LIGHT TO ODOR
Our roses were colorful now, but only fragrance that makes them vivid, appealing and with the soul as a real rose. So there came our second part, light to odor, making our roses more perfect and real. We first tried to use CRISPR/Cas9 gene-editing system to knock out the original gene of E. coli producing smell to prevent E. coli from giving off a nasty and unpleasant smell. Then based on the RGB system, we achieved the control of multiple odors with light.
Gene knock-out using CRISPER-Cas9
Figure 1. The tnaA and L-tryptophan degradation resulted in the unpleasant odor in E. coli.
The inherent unpleasant odor of E. coli comes from indole produced naturally in the cells’ metabolic process. In the L-tryptophan degradation pathway, Tryptophanase, encoded by tnaA gene, degraded L-tryptophan of indole, which produces the odor in high concentration.
L-tryptophan + H2O = indole + pyruvate + NH3.
(The enzyme needs Co-factor: pyridoxal 5'-phosphate)
Figure 2-3. The procedure and the mechanism of CRISPER-Cas9.
Therefore, using CRISPR/Cas9 system, we tried to knock out the tnaA gene. First, we transformed a pCas9 plasmid into the host cell. Then selecting the positive clone, we used electroporation to transform plasmid TargetF (Figure 4) with a pair of specific sgRNA, and a piece of homologous DNA (Figure 5) which consists of the two gene segments located at the either side of tnaA. Guiding by the sgRNA, Cas9, a nuclease, cut the tnaA segment, leaving a leakage between the two homologous DNA. The cell tended to keep the chromosome integrity, so there was the probability to repair the leakage with the piece of homologous DNA we transformed before, because they have two paired sequences on either side. Also, we gave higher-fold of homologous DNA to increase this probability. After the whole process, we needed to cure the exogenous DNA we introduced.
Figure 4. The PCR results of pTarget.
Figure 5. The PCR results of Homologous sequence 1, 2, 1+2.
Then we devoted our effort to introducing diversified odor to make our roses not only vivid ones with traditional flower fragrance, but unique ones with more kinds of odor like lemon and rain. So we improved part of the iGEM project of Paris_Bettencourt in 2014 by putting their parts into our RGB system and under the control of light. What’s more, we also made some adjustments to the concentrations of substrates provided by Paris_Bettencourt in 2014. As tested in the LIGHT TO COLOR, the RGB system functioned well, no matter whether the actuators was fluorescent proteins or enzymes. But for further validation, we used HPLC to detect the products of our actuators.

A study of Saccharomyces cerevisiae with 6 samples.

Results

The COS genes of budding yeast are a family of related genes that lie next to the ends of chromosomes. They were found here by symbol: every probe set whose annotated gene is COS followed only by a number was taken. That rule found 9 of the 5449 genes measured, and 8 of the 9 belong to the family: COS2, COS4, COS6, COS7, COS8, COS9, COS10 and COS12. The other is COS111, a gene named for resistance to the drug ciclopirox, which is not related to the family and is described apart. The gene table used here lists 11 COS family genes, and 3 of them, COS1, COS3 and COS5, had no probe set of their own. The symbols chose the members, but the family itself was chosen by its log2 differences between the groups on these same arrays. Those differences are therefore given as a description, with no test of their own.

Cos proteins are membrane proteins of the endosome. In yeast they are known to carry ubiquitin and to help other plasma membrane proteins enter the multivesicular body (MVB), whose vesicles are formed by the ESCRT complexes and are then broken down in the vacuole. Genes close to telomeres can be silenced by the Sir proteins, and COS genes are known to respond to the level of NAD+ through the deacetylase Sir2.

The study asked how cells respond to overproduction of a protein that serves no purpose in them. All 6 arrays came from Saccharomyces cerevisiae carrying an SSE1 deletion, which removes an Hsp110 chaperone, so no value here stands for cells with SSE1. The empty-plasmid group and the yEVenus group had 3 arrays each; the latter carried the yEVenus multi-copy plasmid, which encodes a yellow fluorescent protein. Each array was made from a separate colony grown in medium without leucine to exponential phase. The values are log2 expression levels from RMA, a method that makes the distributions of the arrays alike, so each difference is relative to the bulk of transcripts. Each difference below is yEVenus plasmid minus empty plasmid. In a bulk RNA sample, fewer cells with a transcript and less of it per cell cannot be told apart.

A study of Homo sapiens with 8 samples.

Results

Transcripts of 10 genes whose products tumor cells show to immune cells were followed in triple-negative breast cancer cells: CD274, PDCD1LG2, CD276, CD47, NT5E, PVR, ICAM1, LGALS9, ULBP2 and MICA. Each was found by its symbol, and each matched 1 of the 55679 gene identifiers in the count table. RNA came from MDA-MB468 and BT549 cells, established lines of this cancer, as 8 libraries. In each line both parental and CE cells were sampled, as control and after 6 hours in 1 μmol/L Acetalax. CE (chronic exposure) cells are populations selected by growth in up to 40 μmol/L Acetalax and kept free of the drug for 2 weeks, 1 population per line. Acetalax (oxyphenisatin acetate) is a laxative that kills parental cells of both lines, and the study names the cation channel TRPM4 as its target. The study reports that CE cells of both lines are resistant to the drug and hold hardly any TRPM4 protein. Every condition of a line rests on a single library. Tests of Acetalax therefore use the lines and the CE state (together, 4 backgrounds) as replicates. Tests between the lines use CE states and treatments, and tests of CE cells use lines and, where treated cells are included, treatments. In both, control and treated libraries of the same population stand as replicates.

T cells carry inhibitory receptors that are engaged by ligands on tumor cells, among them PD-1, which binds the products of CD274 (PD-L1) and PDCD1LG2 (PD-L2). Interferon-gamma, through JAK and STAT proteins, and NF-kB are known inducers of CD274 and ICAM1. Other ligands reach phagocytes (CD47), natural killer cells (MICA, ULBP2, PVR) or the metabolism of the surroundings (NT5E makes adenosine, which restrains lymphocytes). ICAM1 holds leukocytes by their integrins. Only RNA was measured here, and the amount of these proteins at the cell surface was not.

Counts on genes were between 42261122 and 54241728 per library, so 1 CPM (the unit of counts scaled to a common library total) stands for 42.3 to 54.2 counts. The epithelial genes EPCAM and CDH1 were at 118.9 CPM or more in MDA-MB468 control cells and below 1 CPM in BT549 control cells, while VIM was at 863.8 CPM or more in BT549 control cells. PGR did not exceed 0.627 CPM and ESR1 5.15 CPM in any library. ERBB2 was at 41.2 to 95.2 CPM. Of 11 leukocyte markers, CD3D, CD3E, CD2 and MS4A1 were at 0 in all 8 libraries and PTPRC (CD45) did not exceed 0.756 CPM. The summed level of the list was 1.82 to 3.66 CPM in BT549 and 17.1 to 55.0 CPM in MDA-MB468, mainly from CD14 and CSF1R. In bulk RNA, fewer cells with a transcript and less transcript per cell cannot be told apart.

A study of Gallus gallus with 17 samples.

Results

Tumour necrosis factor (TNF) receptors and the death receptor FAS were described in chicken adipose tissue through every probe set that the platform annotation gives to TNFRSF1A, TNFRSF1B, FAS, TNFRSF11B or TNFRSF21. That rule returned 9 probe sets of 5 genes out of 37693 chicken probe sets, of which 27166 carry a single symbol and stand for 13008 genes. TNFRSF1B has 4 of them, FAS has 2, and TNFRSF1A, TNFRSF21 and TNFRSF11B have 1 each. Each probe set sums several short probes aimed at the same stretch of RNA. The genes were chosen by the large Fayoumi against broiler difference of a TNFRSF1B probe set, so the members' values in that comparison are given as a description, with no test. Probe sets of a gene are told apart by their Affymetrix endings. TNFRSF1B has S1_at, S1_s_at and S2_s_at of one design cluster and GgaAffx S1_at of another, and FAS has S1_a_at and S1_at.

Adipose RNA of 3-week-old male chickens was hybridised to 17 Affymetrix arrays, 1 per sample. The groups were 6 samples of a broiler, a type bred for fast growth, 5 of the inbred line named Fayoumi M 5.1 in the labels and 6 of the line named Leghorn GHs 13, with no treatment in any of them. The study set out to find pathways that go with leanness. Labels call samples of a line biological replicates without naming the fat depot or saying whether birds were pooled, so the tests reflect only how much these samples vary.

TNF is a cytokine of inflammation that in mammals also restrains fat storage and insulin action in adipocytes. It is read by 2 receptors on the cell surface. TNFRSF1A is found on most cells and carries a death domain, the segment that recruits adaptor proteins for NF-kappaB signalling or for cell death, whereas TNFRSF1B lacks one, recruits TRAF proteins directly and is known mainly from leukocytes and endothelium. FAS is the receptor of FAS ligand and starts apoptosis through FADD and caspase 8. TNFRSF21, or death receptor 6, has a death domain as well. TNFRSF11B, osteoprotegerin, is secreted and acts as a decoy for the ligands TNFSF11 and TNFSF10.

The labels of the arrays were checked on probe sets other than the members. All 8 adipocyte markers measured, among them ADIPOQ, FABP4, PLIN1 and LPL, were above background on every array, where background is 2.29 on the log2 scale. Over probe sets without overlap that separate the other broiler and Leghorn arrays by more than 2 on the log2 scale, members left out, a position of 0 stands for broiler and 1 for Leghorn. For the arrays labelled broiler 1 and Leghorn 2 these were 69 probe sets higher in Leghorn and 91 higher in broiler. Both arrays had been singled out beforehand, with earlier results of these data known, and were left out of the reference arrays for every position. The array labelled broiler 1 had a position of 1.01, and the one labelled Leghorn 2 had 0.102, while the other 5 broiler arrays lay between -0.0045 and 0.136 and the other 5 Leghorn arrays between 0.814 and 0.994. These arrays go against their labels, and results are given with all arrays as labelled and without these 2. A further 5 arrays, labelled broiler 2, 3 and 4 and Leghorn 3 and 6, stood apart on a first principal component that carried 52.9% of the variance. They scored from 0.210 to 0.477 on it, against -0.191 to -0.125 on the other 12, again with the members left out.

We constructed a plasmid (BBa_K2598062) containing lims1 (BBa_K2598060), gds (BBa_K2598058), bmst1 (BBa_K2598059) as actuators, which produced the smell of lemon, rain and flower respectively. The function of the system and the actuators was shown in Table 1. Then we transformed the plasmids of RGB system into E.coli, cultured the bacteria by 96-well plates and induced the expression of odor enzymes by light. (More details, please see Hardware).
Table 1. The function of the actuators and the wavelengths of input light in RGB system
We then made some adjustments to the concentrations of substrates provided by Paris_Bettencourt in 2014, because we found that our E. coli could not grow at the concentration of 5mM of Benzoic acid, which might be due to the burden of four plasmids and the fragility of our bacteria. Therefore, we used the concentration of 1 mM, at which our E.coli can grow normally.
HPLC was applied to detect our products in the fluid LB medium. However, we faced great difficulties because rare previous literature had reported the mobile phase, the temperature, and even the parameter settings of the three molecules, especially geosmin and methyl benzoate. So we chose acetonitrile-water, which is the most common mobile phase, to roughly separate the substances in the LB medium and 200nm as the detection wavelength, which was commonly used to detect Limonene.
Figure 6. The HPLC results of the standard samples of Limonene, Methyl benzoate and Geosmin. The retention times were 8.770min, 3.764min, 2.835min, respectively.
Figure 7. The HPLC result of the sample induced by blue light. Peaks at 2.703min, and 3.743min were found, which were closed to the peaks of methyl benzoate and geosmin. But further analysis (for example mass spectrometry, MS) were also required to determine the substances which produced these peaks.
The HPLC results of standard samples were shown in Figure 6, while that of our samples induced by Blue light was shown in figure 7. The retention times of Limonene, Methyl benzoate and Geosmin were 8.770min, 3.764min, 2.835min, respectively. The peaks were found in our HPLC results of our samples, but the peaks were not divided and further analysis (for example MS) were required to determine the substances which produced these peaks. What’s more, it required a large amount of time and effort for us to discover the right mobile phase and specific detection wavelengths of the products. Considering that our system had been tested by fluorescent proteins and enzymes and it really worked well, we did not spend more time on the HPLC analysis, but we believed that we could do further researches on our products once the conditions and the parameter settings of our products were reported.(More details of the function of our system, see LIGHT TO COLOR).